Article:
Woods and Wetlands 2018

Island Hopping and Lessons Learned

Everyone got their own copy of the old map and we followed it just to the new forest. Buckets always come in handy when exploring in wetlands!
Good thing she wore her tall boots!
A perfect, early spring afternoon! Even for those who explored this forest last fall, everything is new again!
Unearthed tree roots from long-fallen trees have created amazing formations to climb on!
Balancing is great fun, but for those who wish to stay dry, a walking stick is a must!
The whole time we could hear the spring peepers calling all around us!
I love to climb up on things just as much as the kids do!
This girl is completely at home in the wild!
Cool woodpecker holes!
J hadn’t planned on attending today so he didn’t have boots but his mom made sure he knew it was just fine to get his shoes wet! Because, why not? It’s not like he needs pristine shoes! Kids grow out of shoes so quickly anyway. Why sacrifice a delightful chance to enjoy being a kid in a wetland? They have plenty of years of adulthood ahead of them, during which they will need to keep too many things clean. I say, a muddy kid is a happy kid!
I love seeing how happy she always is out there!


O. amused herself by offering all of us “tasty” swamp slime on the end of a stick. We all played and laughed along as she came up with a hilarious variety of descriptors for what she was “feeding” us.


Cool curl of bark!
This forest is the best for island-hopping!
There is so much to look at! We found some more fairy shrimp swimming in the water providing food for all kinds of critters who are waking up now!
Sometimes a shoe needs to be emptied out.

Lessons Learned?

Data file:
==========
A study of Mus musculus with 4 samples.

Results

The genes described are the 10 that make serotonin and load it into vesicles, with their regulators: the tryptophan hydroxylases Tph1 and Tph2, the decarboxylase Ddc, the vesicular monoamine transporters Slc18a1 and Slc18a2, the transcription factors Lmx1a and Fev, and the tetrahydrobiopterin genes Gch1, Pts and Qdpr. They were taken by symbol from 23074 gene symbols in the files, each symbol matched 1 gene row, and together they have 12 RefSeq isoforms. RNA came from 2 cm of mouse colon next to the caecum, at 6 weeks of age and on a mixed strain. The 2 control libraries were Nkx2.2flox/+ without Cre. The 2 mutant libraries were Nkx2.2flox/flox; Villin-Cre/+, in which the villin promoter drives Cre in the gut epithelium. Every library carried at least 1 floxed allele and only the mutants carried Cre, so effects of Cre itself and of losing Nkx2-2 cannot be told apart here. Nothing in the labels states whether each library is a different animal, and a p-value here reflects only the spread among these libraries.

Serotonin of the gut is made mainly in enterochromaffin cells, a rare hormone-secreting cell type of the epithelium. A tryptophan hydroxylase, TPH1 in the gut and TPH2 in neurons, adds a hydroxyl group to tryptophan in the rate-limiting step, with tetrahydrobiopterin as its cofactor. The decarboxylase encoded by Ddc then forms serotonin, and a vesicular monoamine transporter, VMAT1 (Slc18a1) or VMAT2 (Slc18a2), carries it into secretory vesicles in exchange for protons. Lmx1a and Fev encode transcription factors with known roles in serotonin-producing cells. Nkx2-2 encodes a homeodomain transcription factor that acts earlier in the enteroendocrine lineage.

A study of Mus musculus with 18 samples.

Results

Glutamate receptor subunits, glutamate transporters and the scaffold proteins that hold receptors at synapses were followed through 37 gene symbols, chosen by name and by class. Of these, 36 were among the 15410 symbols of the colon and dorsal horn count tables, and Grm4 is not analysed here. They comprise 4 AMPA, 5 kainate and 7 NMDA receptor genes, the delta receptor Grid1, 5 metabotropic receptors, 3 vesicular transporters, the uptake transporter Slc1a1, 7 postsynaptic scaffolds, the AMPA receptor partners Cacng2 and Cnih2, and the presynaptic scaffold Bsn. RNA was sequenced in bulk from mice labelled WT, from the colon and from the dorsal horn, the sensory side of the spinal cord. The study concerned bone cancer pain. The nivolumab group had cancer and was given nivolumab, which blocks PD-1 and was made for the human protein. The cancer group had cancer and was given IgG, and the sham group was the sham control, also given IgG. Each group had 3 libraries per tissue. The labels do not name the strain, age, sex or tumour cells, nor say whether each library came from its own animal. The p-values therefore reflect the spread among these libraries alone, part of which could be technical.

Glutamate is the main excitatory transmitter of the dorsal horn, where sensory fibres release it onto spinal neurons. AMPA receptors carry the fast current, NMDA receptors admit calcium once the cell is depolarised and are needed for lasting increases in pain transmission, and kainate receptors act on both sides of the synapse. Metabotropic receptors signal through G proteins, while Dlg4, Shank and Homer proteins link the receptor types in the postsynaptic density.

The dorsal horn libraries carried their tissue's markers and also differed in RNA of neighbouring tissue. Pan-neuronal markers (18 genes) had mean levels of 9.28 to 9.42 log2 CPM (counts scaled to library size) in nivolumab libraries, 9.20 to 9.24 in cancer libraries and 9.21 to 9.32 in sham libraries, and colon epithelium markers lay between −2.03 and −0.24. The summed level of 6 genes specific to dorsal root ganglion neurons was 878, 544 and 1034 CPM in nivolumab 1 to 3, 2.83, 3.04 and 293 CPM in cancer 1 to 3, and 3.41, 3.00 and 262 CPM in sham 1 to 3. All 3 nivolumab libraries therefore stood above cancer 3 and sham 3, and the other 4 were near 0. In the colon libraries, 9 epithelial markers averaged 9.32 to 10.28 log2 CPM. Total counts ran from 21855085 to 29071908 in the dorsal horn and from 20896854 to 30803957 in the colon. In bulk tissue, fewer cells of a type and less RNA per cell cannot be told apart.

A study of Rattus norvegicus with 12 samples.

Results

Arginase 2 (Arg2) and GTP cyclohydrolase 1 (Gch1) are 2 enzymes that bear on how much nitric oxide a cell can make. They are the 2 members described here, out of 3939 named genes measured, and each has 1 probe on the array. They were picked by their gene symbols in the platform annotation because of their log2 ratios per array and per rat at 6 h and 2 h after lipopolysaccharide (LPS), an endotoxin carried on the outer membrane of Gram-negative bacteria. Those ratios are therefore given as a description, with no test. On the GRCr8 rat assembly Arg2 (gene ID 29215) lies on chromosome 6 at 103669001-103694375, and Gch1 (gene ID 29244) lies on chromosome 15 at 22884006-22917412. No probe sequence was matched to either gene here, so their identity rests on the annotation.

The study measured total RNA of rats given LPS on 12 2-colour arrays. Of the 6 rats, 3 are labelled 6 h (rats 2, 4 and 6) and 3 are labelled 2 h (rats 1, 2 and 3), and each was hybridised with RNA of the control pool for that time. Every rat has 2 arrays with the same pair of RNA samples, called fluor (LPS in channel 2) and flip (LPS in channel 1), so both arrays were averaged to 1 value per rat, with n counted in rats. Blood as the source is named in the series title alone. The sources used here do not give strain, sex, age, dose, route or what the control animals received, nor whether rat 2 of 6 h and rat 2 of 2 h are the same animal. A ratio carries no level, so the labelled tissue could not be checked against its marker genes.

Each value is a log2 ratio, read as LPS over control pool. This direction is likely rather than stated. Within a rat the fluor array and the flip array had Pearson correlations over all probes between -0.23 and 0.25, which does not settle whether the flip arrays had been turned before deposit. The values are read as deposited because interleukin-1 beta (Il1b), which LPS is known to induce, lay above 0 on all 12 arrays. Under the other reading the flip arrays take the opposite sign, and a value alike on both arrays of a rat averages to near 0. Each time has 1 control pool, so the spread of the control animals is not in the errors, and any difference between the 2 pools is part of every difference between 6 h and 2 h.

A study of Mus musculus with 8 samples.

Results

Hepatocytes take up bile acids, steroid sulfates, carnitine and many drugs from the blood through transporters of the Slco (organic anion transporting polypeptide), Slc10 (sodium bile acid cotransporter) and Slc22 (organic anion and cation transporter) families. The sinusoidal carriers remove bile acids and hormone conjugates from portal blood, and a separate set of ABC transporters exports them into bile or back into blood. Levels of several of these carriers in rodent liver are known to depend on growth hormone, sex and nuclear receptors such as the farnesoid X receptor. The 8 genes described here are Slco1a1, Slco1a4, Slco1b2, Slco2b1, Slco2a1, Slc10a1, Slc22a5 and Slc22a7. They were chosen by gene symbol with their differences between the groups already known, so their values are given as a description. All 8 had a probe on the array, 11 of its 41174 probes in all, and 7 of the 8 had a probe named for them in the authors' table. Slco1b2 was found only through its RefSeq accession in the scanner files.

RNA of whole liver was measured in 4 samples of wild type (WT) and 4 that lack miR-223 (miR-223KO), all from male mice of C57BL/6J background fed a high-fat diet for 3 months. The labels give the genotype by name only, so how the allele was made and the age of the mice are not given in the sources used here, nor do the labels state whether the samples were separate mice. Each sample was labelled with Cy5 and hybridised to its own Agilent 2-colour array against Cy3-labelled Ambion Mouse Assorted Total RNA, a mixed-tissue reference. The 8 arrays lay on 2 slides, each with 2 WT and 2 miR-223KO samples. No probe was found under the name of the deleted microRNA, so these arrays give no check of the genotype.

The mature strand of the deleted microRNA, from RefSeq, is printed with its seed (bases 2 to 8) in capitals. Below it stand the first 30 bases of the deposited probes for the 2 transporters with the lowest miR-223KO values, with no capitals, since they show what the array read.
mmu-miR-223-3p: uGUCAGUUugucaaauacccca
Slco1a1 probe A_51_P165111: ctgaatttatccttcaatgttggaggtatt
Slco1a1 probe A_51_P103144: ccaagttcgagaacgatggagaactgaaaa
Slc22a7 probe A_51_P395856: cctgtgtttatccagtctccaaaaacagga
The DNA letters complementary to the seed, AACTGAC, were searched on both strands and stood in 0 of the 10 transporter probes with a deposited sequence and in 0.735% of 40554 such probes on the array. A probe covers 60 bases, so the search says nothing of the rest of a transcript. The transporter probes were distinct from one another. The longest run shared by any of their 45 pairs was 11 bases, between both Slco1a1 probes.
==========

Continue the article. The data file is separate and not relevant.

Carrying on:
We had a wonderful time until close to the end of Woods and Wetlands last week.  Sometimes it can be hard for kids to know when enough is enough and when the line between fun and poor choices has been crossed.  Childhood is the ideal time to be allowed learn these lessons.  One of our explorers had tripped and gotten pretty wet and decided that she might as well let others get her even wetter.  She gave the invitation to drop wet, swamp leaves and more water on her lap which quickly got out of control and she needed help knowing how to make it stop. Another explorer observed the attention from other kids that resulted from the crossing of that line and she asked others to dare her to go in the water well beyond her boot tops.  When I heard the chant, “Do it! Do it!” I immediately put a stop to that and tried to explain how we shouldn’t offer or accept dares to do something that we don’t really want to do ourselves.   I have never felt comfortable with chanting like that as it feels like a little mob-mentality.  I explained that it is one thing to get wet in exploration or by accident but to use it to get attention is likely to have a negative result. The air was still chilly enough that getting too wet would ruin the rest of the time out there.  Everyone involved in that situation shared responsibility for their choices and before we left I asked a few kids to explain something they learned that day.  It is possible that the lesson hasn’t been totally learned yet by every one of them, but it is a piece of learning that will hopefully come to mind the next time something similar happens.  My hope is that they will remember how it felt and make a different choice next time.